In a historic vote Thursday the U.S. Senate confirmed President Joe Biden’s nominee Ketanji Brown Jackson as Supreme Court Justice, securing her place as the first Black woman on the high court.
The 51-year-old federal appeals court judge is the third Black justice – after Thurgood Marshall and Clarence Thomas – and the sixth woman to hold that position.
She joins two other women, Sonia Sotomayor and Elena Kagan, on the liberal side of a 6-3 conservative court. With Justice Amy Coney Barrett sitting at the other end of the bench, four of the nine justices are now women for the first time in history.
Mitch McConnell says he cannot support Jackson for U.S. Supreme Court
President Joe Biden, a veteran of a more bipartisan Senate, said from the beginning that he wanted support from both parties for his history-making nominee, and he invited Republicans to the White House as he made his decision.
It was an attempted reset from three brutal Supreme Court battles during President Donald Trump’s presidency, when Democrats vociferously opposed the nominees, and from the end of President Barack Obama’s, when Republicans blocked Supreme Court nominee Merrick Garland from getting a vote.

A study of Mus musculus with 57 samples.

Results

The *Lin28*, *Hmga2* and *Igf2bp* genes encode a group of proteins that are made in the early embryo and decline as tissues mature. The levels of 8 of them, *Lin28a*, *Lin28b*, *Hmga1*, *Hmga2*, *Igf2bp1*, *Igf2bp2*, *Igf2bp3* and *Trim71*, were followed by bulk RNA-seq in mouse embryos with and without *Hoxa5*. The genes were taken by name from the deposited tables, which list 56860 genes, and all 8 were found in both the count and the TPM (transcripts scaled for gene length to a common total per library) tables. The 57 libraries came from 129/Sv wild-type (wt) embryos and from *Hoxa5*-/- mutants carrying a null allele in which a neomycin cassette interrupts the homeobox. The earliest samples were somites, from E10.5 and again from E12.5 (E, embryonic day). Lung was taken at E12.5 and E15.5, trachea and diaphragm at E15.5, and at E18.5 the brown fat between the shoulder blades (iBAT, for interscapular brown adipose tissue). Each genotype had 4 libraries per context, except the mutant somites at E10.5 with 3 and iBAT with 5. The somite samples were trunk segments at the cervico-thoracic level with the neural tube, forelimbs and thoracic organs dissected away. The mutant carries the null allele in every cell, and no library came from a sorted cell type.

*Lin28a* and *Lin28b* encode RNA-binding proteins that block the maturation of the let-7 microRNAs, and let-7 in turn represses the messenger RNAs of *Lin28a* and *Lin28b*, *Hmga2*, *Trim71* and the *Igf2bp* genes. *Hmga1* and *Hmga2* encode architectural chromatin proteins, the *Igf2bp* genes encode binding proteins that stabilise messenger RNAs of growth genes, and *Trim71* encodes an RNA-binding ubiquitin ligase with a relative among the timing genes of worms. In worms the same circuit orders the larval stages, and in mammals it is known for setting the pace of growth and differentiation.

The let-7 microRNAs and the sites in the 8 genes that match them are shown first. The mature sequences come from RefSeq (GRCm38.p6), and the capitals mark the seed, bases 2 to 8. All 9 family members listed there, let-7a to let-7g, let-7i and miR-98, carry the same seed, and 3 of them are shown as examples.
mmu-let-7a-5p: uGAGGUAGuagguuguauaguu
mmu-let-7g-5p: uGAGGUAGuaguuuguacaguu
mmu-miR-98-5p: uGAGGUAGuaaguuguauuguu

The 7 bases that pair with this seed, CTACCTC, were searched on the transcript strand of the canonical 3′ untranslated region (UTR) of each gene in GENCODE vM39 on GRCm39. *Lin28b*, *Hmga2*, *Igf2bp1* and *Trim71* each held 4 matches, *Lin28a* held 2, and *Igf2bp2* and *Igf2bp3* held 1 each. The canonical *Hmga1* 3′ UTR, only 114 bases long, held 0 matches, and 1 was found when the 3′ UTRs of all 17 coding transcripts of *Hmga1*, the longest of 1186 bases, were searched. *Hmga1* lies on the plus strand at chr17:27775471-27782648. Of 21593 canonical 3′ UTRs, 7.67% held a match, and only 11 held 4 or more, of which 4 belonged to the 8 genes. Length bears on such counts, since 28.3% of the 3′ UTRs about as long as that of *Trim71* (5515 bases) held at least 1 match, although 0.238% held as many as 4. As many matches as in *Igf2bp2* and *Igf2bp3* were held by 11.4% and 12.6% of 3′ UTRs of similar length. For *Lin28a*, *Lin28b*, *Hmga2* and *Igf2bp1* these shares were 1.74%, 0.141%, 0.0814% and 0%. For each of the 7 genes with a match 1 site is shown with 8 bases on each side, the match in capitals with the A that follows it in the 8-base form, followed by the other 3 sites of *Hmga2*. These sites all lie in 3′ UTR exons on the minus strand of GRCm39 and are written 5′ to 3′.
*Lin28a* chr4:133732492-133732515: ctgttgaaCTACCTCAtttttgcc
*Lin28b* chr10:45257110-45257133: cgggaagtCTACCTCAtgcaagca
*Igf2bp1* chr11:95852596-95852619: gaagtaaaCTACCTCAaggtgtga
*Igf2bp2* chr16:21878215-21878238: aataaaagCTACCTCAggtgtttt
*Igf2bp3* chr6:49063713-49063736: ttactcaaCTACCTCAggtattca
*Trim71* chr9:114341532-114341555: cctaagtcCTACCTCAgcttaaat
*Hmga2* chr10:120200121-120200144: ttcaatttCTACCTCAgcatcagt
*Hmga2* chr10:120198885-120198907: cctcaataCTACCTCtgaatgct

U.S. Supreme Court nominee Ketanji Brown Jackson set to make history
Before the Senate Judiciary Committee last month, Jackson said her life was shaped by her parents’ experiences with racial segregation and civil rights laws that were enacted a decade before she was born.
6 cases of COVID-19 XE have been reported in Canada
Ezra Miller arrest triggers emergency Warner Bros. meeting about actor’s future
With her parents and family sitting behind her, she told the panel that her “path was clearer” than theirs as a Black American. Jackson attended Harvard University, served as a public defender, worked at a private law firm and was appointed as a member of the U.S. Sentencing Commission in addition to her nine years on the federal bench.
Ketanji Brown Jackson says she’s ‘humbled’ to be nominated for U.S. Supreme Court
“I have been a judge for nearly a decade now, and I take that responsibility and my duty to be independent very seriously,” Jackson said. “I decide cases from a neutral posture. I evaluate the facts, and I interpret and apply the law to the facts of the case before me, without fear or favor, consistent with my judicial oath.”
Once sworn in, Jackson would be the second youngest member of the court after Barrett, 50. She would join a court on which no one is yet 75, the first time that has happened in nearly 30 years.
— With files from The Associated Press
© 2022 Global News, a division of Corus Entertainment Inc.